CBS hates Aereo, a company that allows users to stream TV channels. Aereo charges for its service, but it doesn’t turn around and pay off any of the broadcast networks afterwards. That business plan has allowed some cord cutters to watch and DVR broadcast television without paying a dime to the networks who are sending out the signals.
Aereo has so far been winning the fight, and it has at least one head honcho ready to change his business model. CBS CEO Leslie Moonves says if Aereo wins, he’s ready to go online only – preventing Aereo from taking any of the company’s broadcast content, or to bring it into a cable-only offering. By turning to cable or the Internet, CBS would make it a lot harder for Aereo to take its content.
“If Aereo should work, if they should win, which we don’t think will happen, we can go OTT [over the top] with CBS,” Moonves argued, according to Reuters. Moonves probably recognizes that’s where the industry is basically headed anyway, however, and he could actually stand to beat other broadcast networks to the punch by making that move sooner rather than later.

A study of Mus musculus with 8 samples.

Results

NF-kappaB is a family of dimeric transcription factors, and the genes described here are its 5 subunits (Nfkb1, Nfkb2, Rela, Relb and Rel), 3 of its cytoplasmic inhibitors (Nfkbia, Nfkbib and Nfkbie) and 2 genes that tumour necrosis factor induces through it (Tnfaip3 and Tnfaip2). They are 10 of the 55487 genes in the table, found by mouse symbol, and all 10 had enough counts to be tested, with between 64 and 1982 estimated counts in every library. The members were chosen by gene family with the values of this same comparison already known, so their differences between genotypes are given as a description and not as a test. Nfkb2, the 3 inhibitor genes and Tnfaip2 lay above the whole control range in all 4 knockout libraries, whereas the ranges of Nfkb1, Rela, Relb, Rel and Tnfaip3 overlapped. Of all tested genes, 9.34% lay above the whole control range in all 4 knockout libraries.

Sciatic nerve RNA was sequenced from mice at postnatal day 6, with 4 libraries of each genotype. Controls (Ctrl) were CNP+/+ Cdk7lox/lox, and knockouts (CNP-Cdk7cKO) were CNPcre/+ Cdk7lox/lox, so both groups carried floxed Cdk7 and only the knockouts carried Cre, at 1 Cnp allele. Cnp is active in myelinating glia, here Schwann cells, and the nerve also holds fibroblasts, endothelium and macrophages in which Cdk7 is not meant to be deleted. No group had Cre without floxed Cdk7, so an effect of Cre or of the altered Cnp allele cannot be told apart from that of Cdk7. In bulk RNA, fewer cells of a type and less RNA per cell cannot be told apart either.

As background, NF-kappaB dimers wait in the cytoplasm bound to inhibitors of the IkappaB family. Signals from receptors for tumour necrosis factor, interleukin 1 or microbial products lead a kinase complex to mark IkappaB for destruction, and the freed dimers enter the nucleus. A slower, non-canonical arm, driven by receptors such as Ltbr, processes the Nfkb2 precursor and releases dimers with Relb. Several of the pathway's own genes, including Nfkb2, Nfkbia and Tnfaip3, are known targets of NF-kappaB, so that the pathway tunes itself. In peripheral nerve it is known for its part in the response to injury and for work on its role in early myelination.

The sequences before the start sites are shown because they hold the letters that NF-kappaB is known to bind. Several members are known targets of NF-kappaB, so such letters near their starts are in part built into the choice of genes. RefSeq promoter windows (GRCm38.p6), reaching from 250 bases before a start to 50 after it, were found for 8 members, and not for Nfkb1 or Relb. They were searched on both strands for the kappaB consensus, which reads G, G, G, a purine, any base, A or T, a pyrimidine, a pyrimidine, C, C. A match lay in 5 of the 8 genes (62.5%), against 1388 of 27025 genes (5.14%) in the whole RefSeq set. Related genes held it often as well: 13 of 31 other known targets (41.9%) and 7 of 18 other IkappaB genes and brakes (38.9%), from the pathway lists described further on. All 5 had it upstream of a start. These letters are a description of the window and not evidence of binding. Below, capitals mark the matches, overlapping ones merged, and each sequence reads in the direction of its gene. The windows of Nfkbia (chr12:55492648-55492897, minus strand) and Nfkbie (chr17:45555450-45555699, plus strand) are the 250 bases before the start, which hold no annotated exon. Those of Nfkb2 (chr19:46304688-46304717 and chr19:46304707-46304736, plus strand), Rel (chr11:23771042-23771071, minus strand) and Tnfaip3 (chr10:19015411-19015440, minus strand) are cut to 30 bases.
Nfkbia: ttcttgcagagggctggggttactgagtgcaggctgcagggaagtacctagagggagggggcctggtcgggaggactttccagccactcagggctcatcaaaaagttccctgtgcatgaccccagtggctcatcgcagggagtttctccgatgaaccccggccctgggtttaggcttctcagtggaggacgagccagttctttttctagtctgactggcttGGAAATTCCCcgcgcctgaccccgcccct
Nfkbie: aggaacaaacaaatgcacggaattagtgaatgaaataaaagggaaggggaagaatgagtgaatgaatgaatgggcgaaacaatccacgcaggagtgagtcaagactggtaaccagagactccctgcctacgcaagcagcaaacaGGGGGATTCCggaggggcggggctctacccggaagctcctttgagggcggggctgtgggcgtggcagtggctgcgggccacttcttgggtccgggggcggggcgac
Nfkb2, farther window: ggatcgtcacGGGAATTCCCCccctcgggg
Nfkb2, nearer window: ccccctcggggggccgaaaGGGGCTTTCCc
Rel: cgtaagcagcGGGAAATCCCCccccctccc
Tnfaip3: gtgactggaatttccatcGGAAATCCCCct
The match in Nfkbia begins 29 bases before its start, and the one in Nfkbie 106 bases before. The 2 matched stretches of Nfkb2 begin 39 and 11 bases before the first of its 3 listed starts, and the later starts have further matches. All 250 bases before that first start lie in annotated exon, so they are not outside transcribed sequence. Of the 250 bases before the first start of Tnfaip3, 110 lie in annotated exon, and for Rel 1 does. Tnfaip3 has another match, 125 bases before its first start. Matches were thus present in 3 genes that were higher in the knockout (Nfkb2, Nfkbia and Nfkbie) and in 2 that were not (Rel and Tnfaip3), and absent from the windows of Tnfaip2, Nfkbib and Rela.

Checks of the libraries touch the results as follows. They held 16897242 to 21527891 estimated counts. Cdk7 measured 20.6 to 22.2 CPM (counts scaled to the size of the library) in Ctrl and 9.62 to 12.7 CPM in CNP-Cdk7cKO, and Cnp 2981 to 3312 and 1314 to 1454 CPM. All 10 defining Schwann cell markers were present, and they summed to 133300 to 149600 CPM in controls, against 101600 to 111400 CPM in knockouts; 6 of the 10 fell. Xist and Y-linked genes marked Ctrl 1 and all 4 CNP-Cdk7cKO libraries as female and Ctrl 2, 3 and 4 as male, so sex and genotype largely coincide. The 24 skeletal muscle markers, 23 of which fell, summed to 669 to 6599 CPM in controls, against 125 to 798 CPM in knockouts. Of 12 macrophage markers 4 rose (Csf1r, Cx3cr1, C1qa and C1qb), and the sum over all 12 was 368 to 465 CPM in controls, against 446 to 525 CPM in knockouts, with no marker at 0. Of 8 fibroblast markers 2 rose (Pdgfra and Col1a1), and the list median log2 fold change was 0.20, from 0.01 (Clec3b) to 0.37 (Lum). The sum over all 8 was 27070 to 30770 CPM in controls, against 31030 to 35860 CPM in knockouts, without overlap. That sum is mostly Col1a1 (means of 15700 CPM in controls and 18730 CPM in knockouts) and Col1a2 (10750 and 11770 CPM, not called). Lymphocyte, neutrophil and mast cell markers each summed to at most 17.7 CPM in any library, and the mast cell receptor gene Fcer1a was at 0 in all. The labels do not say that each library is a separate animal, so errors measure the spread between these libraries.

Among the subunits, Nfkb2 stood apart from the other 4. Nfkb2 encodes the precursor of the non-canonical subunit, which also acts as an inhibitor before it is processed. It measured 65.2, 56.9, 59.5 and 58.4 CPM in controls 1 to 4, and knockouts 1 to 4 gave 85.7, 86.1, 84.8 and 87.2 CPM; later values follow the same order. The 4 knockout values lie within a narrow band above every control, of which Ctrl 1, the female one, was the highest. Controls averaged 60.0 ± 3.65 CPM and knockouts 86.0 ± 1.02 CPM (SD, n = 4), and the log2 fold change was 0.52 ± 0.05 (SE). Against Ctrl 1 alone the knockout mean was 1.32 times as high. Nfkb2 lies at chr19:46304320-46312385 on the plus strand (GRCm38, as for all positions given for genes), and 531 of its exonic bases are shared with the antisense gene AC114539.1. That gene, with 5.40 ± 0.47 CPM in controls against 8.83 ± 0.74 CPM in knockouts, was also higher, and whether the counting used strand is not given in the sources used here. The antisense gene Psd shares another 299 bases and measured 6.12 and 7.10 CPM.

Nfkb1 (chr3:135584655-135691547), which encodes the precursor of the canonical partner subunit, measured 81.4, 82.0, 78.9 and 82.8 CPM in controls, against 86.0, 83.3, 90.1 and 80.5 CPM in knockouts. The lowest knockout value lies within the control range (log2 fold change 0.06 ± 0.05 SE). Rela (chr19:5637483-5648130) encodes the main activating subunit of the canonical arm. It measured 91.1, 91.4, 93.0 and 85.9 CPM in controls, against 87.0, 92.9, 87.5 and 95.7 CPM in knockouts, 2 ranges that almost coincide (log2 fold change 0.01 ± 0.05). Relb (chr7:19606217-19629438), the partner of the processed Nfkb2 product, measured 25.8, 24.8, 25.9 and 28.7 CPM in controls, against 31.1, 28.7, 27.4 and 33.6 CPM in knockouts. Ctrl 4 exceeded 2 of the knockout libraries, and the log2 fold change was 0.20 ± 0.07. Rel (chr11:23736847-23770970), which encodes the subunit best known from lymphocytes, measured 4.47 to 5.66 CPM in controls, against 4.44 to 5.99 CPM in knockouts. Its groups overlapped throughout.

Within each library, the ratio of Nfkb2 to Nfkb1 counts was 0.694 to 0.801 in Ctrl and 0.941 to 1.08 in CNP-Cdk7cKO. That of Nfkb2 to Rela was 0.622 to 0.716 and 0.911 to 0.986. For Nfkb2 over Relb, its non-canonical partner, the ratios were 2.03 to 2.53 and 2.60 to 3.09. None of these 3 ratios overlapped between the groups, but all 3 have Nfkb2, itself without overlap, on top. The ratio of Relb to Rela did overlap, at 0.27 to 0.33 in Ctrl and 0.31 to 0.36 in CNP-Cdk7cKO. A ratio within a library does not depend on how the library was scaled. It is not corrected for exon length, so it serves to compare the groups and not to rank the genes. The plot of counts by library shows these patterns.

For example, HBO recently said that it’s ready to take its service online only, once the market is ready for it, and that’s exactly what Moonves is considering. “If the government wants to give them permission to steal our signal, then we will come up with some other way to get them our content and still get paid for it,” Moonves argued, suggesting that CBS would be very open to a licensing deal. After all, getting more eyes on CBS content is the end-goal – but the company wants to get paid for it, too.
Aereo CEO Chet Kanojia has long argued that all consumers have a right to broadcast media through an antenna. That’s a fair enough argument, but CBS and other broadcast providers argue it’s illegal that Aereo is charging for content that they broadcast, and also allowing consumers to DVR that content. Meanwhile, Aereo’s customers aren’t paying a dime to the broadcasters, which means they’re losing out on additional revenue. Kanojia has argued that his service is perfectly legal. The Supreme Court will decide next month whether or not that’s true.